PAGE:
In a new interview with The Guardian; Ellen Page talks about child stardom, her Vice TV show and why she had to stop living a lie. Along with the interview we are graced with a beautiful new photoshoot photographed by Amanda Friedman.
Within a few minutes of meeting the actor Ellen Page near her Los Angeles home, we’re talking about what she enjoys doing around here, which is going surfing with her girlfriend, artist Samantha Thomas. She likes to watch Thomas, the more experienced surfer, examine the waves. Thomas tells her which way to turn, based on movements in the water that Page can’t even see. “Particularly on days where there are onshore winds, so it’s kind of rough, she’ll say, ‘Oh, a wave’s coming at you, it’s a right, go right’ and I’m just like, ‘What are you looking at? You can read the ocean like that?’ It’s really hot,” she adds, the excitement in her gentle voice suggesting that she is quietly, but madly, in love.
There is nothing hugely remarkable about any of this, especially here in California, except that until February 2014 Page would have been unable to have such a conversation with a journalist. The actor who starred in Juno, Hard Candy and Whip It, all films about tough young women who go against the grain, was living a lie. She was pretending to be straight, or at least “lying by omission”, as she puts it, intent on fulfilling her acting ambitions without any adverse attention, even though she had been out of the closet with her loved ones for years. But the double life had started to take its toll on her sanity, so she decided, a month before the event, that she would come out during a speech at a Las Vegas conference for counsellors of young LGBT people. “I’m here today because I am gay,” she revealed, halfway through an eight-minute talk, to a standing ovation that began before she had even finished. It was Valentine’s Day.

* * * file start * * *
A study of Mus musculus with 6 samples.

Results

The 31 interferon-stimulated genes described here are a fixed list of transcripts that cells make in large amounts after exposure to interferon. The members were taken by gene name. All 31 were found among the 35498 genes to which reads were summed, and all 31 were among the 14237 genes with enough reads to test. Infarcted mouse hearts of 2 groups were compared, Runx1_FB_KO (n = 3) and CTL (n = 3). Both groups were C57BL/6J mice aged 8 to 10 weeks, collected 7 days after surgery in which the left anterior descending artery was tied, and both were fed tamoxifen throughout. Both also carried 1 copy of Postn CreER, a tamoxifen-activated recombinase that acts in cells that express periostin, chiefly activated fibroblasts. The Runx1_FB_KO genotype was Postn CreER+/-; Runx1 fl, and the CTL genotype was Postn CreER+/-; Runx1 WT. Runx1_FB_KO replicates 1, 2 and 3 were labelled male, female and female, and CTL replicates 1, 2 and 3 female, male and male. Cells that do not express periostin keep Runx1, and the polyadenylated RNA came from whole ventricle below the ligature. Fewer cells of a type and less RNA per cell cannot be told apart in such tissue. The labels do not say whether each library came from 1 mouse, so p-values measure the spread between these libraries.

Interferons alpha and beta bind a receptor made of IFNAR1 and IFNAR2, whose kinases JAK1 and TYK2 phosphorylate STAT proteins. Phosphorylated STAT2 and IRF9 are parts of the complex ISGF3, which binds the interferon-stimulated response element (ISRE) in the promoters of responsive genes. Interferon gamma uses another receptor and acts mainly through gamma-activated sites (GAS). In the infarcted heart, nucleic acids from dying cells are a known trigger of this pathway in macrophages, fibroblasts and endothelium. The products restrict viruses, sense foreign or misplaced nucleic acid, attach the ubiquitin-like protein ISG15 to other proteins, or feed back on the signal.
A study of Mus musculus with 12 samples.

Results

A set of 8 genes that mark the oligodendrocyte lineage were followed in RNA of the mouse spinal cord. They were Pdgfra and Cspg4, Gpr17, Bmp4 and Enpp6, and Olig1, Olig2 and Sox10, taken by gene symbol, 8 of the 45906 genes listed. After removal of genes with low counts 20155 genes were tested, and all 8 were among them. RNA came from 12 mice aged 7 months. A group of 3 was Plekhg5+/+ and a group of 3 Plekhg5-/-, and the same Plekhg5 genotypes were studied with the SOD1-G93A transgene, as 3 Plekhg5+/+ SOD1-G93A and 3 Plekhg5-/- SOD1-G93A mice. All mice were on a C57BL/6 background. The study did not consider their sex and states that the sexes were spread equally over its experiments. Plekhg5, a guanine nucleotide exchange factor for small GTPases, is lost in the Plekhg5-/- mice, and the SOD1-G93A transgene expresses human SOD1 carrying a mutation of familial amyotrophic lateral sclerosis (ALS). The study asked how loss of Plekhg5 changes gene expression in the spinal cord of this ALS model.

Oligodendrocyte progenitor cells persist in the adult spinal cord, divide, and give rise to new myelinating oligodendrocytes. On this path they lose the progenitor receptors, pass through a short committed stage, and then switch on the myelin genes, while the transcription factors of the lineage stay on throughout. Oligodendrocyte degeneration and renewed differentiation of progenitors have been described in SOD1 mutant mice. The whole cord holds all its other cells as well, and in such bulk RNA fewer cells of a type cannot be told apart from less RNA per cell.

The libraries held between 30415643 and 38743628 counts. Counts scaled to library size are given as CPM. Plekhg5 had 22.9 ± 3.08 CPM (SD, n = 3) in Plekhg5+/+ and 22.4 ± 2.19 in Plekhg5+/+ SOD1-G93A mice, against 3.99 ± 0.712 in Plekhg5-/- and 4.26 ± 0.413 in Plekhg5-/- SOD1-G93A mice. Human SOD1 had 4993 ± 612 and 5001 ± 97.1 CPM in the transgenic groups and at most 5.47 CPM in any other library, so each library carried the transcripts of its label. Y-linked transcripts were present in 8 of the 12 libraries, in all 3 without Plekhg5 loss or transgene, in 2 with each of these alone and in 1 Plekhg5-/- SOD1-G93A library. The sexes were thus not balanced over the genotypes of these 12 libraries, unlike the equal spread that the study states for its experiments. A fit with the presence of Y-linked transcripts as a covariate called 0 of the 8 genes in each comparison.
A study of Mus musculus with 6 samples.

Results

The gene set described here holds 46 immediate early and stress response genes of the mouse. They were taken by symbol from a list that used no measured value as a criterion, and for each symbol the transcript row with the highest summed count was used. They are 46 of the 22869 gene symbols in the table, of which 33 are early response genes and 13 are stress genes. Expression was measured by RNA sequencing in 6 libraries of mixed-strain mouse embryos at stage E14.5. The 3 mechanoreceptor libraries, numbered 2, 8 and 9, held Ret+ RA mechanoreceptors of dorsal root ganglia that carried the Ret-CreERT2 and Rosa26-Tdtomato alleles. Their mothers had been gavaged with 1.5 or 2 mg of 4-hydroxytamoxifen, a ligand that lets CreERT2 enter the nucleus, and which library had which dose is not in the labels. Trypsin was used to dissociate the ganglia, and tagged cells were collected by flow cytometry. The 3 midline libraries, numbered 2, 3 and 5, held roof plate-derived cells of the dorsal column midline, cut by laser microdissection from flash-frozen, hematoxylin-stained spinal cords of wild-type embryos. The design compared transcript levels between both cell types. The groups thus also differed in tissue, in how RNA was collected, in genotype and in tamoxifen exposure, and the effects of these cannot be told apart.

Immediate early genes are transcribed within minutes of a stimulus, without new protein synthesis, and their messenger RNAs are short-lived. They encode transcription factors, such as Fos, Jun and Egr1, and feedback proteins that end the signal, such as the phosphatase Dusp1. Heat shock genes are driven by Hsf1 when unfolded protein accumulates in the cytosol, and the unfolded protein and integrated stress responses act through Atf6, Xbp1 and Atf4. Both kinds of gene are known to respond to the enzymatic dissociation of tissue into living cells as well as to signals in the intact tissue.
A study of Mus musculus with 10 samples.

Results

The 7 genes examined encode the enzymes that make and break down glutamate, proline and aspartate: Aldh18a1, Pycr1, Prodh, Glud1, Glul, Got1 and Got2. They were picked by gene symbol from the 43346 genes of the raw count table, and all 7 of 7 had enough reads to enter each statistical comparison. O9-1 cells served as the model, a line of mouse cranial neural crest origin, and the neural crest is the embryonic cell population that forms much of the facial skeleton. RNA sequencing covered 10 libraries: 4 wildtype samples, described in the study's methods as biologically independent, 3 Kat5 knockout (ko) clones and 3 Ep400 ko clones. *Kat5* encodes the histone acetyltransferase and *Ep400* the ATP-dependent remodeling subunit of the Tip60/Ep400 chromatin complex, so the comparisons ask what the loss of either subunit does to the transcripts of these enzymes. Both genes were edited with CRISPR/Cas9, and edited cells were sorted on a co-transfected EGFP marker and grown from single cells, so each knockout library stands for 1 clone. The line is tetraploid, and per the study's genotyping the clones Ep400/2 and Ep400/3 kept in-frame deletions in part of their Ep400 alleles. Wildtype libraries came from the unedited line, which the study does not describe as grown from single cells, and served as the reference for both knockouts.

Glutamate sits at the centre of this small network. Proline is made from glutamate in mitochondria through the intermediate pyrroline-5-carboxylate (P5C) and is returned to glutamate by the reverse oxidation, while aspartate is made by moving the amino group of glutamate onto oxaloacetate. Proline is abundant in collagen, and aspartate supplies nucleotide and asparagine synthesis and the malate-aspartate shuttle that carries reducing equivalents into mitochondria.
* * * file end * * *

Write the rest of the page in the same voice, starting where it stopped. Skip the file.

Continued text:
Page was only 26, but had been acting professionally since the age of 10; at 20, she was nominated for an Academy Award for best actress for her role as the eponymous pregnant high-school student in Juno. The gulf between her public and private lives had been growing long enough. “I felt, let’s just please be done with this chapter of discomfort and sadness and anxiety, and hurting my relationships, and all those things that come with it,” she says now, sitting in the corner of a restaurant, in a baseball cap, sipping a green tea. “I felt guilty for not being a visible person for the community, and for having the privilege that I had and not using it. I had got to the point where I was telling myself, you know, you should feel guilty about this. I was an active participant in an element of Hollywood that is gross. I would never judge somebody else for not coming out, but for me, personally, it did start to feel like a moral imperative.”
The day after the speech, she flew straight to Montreal to do reshoots for her role as Kitty Pryde in X-Men: Days Of Future Past, and everyone there told her she seemed totally different. “And I was totally different! Just the immediacy of how much better I felt. I felt it in every cell of my body.”
Read the full interview at The Guardian.